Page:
Past junior combinatorics seminars

Summer 2007

Week 1 (17 July): Robert Berke. Transversals in multipartite graphs.

Trinity 2007

Week 2 (1 May): Louigi Addario-Berry. Acyclic dominating partitions.

Week 3 (8 May): Luis Cereceda (LSE). Finding paths between graph colourings.

Week 5 (22 May): Nicolas Broutin (McGill). About weighted heights of trees.

Hilary 2007

Week 4 (6 Feb): Bilyana Shoilekova. Unlabelled enumeration of treelike graphs using cycle indices.

Bean-Shaped Bodies

Mathematics is not usually considered an experimental science. However, there are many analogies between the approach to mathematical research and the more familiar experimental scientific process. While mathematicians do not usually go out and directly observe and experiment with real-world phenomena, research is by no means entirely deductive. Attempting to solve a problem can entail much trial and error, guesswork, and experimentation. When trying to prove or disprove a theorem, a good starting point is looking for counter-examples.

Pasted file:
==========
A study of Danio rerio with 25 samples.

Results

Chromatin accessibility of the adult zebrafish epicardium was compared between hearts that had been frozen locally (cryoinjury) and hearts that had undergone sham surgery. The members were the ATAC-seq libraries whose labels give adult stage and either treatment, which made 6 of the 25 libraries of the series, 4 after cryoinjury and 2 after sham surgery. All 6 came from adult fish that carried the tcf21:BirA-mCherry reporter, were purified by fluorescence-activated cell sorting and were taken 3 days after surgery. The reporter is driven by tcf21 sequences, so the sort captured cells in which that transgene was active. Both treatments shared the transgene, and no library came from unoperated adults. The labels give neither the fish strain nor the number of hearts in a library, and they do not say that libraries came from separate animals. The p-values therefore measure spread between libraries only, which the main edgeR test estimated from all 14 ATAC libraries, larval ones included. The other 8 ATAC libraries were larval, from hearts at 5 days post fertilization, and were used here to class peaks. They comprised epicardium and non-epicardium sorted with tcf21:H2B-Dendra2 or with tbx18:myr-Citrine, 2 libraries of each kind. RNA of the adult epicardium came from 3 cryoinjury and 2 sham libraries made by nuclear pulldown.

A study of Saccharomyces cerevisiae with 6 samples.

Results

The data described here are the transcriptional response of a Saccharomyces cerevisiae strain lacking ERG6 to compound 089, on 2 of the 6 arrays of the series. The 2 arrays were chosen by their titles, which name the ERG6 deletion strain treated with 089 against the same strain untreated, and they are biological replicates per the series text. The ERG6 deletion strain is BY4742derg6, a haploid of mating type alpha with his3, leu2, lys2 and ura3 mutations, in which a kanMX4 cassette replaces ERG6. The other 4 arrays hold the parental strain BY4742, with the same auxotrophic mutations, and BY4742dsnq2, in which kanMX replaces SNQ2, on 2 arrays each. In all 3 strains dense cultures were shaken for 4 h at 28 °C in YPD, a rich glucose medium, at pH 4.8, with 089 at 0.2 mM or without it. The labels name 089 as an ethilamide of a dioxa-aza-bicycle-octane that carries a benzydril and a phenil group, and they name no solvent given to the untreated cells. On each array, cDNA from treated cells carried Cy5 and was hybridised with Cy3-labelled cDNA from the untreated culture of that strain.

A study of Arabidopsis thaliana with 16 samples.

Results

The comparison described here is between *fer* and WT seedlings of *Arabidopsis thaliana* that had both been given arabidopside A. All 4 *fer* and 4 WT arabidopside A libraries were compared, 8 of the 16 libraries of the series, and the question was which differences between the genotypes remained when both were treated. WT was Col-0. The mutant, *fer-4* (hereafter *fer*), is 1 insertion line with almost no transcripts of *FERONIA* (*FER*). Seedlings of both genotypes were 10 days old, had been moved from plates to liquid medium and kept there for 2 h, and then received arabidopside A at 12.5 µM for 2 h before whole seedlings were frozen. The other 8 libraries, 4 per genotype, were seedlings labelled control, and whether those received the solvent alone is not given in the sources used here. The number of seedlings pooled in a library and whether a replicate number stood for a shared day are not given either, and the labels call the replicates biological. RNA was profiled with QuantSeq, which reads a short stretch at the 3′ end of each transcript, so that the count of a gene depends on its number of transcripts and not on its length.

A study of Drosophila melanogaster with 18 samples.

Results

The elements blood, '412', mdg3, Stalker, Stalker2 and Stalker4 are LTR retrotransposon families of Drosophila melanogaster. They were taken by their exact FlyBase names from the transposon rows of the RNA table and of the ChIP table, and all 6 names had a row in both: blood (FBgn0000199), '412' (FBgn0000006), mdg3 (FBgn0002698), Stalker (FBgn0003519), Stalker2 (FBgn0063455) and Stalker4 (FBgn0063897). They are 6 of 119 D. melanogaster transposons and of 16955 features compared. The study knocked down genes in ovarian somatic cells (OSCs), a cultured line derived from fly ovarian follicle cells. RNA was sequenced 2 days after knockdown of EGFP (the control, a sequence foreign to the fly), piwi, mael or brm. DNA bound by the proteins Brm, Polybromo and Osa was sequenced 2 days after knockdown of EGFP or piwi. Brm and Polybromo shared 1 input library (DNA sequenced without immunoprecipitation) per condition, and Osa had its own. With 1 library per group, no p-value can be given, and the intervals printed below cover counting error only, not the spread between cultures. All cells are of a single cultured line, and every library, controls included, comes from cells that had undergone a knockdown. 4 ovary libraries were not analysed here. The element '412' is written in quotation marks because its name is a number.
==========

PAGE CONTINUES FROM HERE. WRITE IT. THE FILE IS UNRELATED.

Ruled Surfaces

A ruled surface is defined by the property that through every point in the surface, there is at least one straight line which also lies in the surface. A ruled surface may be thought of as one "swept out" by a straight line moving in space. To describe how such a line moves, first recall that any line is uniquely determined by two distinct points which lie on it. Then by choosing two curves, and a suitable map between their points, we can join up points with lines in order to define a ruled surface.